Friday’s attack against a synagogue in Jerusalem (Israel) by Palestinian terrorists, the deadliest in recent years, raises some serious questions – well beyond the obvious matter of ideological indoctrination and national security.
While the motives for the attack are rather self-evident – to assert and affirm radicals’ long-held belief that the State of Israel should be no more, and that in the pursuit of such ambition even the most obscene of violence can be rationalised, little has been said, if at all, on the economics of Terror.
Allow me to put it plainly. Terror does not exist in an ideological vacuum, it requires resources, and until such a time we ensure that access is denied, and short of that, at least restricted to a trickle through sanctions, then our outrage means nothing. I would actually argue that our tendency to over politicise Terror, feigning outrage to better score points against our detractors has become quite nauseating.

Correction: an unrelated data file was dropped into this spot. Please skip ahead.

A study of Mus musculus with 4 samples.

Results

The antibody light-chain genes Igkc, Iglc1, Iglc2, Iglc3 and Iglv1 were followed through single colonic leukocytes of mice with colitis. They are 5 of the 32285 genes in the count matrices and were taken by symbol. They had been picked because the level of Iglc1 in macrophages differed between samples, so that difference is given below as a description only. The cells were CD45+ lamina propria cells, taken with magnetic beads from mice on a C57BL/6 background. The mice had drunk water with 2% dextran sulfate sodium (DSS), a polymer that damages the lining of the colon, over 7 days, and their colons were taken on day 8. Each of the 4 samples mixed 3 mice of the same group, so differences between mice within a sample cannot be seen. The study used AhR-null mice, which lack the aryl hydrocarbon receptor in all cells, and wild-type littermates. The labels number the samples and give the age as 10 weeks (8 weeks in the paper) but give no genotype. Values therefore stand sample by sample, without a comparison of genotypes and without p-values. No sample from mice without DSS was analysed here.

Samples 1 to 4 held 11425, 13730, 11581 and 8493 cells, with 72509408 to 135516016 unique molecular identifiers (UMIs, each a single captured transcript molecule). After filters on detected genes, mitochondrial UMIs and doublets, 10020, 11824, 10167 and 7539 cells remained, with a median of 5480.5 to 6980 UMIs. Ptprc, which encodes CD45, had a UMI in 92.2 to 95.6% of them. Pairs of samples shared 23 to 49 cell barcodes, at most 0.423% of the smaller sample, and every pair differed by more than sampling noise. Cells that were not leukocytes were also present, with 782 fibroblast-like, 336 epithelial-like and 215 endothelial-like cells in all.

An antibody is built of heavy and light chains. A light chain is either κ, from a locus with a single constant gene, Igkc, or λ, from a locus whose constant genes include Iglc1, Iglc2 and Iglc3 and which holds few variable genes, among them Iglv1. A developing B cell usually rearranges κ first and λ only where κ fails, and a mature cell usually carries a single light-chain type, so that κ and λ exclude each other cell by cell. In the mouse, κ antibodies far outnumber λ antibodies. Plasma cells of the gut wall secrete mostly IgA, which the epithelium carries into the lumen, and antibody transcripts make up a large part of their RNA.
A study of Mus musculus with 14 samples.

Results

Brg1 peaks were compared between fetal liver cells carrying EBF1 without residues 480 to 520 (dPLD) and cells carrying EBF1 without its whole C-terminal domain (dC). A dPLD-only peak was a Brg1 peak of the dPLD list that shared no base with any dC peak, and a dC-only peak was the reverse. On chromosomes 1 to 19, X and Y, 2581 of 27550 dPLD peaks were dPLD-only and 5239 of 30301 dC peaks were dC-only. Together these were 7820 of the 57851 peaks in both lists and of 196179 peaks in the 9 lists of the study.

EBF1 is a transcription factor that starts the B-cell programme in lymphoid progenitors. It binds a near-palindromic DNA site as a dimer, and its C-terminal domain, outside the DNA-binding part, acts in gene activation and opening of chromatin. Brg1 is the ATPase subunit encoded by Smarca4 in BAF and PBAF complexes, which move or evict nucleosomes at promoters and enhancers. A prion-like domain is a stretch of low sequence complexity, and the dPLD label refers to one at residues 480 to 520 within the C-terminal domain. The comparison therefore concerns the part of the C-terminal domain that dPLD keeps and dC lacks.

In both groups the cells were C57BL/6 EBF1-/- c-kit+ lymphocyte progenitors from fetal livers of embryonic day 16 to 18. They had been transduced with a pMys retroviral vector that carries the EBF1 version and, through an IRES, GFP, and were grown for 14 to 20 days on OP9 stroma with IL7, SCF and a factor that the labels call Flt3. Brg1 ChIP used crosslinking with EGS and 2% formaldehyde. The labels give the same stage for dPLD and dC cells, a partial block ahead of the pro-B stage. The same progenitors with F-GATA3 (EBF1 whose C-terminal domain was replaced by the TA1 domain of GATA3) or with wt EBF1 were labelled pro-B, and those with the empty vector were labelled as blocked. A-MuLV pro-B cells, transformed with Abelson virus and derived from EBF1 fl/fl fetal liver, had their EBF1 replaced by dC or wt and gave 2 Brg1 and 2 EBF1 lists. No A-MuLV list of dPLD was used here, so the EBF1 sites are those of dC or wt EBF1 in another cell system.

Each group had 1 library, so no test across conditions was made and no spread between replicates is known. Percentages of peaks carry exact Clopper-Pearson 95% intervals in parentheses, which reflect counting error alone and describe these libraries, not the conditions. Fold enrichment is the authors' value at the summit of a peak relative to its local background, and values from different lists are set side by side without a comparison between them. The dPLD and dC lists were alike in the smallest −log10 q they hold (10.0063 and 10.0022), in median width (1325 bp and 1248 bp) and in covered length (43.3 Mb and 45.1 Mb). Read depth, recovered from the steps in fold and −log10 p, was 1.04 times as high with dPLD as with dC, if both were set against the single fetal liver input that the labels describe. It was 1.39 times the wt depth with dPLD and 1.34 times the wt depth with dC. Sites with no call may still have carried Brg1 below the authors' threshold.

To fight terror is not a matter of political affiliation but rather an imperative necessity. However, to allow terror militants to access funds – whether directly or indirectly constitutes a violation of international law that ought to be challenged at every turn. And yet it is not.
If we consider that the Palestinian Authority openly features in its annual budget its pay-per-slay program, and still benefits from the largesses of our Western capitals we must not wonder why attacks such as that witnessed in Jerusalem continue to take place. Hate now stands a currency underwritten by our democracies.
One can hope, I certainly do, that our governments will at last realise that their support of the Palestinian Authority, and its proxies, stands the biggest impediment to peace, acts of aggression against both Israelis and Palestinians.